For four years Milla was abused, beginning when she was 16, when one priest touched her through a broken confessional screen. After she turned 18, she engaged in sexual intercourse with Tamayo and he introduced her to six other priests, with whom she alleges she also had sex. Two of them assured her that:
“it was morally, ethically all right for her to have sexual intercourse with them … that by doing so, that she would be helping them and helping herself.”
The case went public when victim Rita Milla came forward after becoming pregnant at age 19. Milla, a parishioner at St. Philomena Church in Carson, told church officials in 1983 she was pressured by Tamayo to have an abortion, and she eventually went to the Philippines to have her daughter, telling her family she was going abroad to study.
“After a while I thought that I just wanted to die,” says Milla, now in her mid 40’s. “I thought I could hang myself.”
The priest who fathered her child was Father Valentine Tugade, his paternity was confirmed by a DNA test in 2003.
Tamayo and the other priests fled to the Philippines to escape criminal investigation and civil litigation. Tamayo resigned as a pastor in 1984 and was placed on active leave by the archdiocese, though he continued to work as a priest in the Philippines. Tamayo died in 1996. Cruces died that same year.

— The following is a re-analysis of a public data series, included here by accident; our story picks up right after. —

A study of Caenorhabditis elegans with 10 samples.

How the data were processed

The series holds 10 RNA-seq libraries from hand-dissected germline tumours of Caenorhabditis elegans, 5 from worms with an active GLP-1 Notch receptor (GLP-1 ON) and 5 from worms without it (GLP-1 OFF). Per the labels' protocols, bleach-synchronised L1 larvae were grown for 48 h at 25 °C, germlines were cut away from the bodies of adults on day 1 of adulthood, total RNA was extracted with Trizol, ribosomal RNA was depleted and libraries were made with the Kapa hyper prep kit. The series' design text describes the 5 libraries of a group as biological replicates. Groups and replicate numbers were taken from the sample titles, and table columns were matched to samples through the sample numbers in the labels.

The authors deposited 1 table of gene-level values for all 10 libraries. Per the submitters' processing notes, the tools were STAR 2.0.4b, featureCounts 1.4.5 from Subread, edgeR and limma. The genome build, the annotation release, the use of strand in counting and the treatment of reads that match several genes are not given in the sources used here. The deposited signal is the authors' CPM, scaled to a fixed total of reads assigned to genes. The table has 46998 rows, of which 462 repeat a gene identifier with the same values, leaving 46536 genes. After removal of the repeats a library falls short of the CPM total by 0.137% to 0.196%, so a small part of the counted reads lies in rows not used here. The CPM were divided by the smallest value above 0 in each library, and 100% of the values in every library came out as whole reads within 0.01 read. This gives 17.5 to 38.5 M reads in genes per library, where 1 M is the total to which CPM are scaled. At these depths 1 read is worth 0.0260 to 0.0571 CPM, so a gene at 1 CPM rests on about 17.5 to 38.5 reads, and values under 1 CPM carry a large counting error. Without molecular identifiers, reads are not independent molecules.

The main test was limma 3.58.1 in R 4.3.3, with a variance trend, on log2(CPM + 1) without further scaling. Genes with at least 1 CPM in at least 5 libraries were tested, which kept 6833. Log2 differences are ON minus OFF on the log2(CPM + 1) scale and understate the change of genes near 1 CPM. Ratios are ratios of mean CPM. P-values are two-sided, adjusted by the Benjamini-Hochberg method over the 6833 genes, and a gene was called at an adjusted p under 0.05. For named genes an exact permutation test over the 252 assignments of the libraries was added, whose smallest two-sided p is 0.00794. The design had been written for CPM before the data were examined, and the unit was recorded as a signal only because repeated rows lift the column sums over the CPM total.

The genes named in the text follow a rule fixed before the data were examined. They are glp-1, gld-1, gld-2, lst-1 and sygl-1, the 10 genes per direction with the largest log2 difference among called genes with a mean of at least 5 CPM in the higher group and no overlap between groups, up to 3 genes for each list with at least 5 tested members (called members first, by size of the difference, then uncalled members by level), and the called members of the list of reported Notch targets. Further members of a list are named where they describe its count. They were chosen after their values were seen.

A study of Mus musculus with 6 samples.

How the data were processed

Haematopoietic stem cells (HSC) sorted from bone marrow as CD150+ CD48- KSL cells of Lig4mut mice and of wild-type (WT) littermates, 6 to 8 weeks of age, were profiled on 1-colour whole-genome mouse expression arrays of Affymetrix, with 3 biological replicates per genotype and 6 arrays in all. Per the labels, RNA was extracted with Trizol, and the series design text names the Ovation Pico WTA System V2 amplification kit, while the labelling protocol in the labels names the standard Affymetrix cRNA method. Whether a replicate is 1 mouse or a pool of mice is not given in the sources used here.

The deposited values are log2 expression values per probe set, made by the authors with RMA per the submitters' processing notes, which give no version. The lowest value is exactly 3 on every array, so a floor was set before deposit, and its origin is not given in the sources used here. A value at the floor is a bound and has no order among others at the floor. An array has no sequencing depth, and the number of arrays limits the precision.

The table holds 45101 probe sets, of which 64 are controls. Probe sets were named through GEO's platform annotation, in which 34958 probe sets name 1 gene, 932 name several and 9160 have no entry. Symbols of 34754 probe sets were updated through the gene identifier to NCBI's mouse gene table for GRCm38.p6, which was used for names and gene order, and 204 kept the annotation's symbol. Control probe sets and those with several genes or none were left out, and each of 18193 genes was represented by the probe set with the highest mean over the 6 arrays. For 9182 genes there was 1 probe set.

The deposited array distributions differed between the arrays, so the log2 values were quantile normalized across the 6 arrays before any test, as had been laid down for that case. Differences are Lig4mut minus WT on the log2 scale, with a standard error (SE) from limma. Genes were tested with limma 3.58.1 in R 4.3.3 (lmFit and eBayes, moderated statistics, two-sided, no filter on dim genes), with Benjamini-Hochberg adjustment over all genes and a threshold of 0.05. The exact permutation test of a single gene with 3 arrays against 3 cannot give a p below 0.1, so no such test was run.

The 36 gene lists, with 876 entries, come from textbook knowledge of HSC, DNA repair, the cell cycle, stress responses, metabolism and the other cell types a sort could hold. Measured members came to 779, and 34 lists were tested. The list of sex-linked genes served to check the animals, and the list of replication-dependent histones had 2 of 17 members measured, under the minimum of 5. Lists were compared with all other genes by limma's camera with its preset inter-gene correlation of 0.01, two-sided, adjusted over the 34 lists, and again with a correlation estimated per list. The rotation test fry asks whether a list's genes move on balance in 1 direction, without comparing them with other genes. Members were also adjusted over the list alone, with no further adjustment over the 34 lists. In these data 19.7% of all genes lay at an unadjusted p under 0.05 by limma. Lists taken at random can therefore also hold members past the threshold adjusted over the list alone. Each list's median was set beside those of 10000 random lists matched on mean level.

Today, Milla is an activist with the group Survivors Network of those Abused by Priests (SNAP). She held a news conference outside the Cathedral of Our Lady of the Angels in Los Angeles, Friday, Feb. 1, 2013.
“It felt like God hanging up the phone on me. I’ll never escape the memories and I’ll always be fighting the after effects of the trauma I went through, but now I can work on healing.”
Rita Milla is a medical assistant. Her daughter Jacqueline Milla, now 30, is getting married soon, and Milla also has a son, now 23, with her husband Scott Lewis.
“My kids were raised without religion, so they are happy,” Milla said.
In 2007, the church paid out a massive $660 million settlement to more than 500 young people who had been victimized by clergy.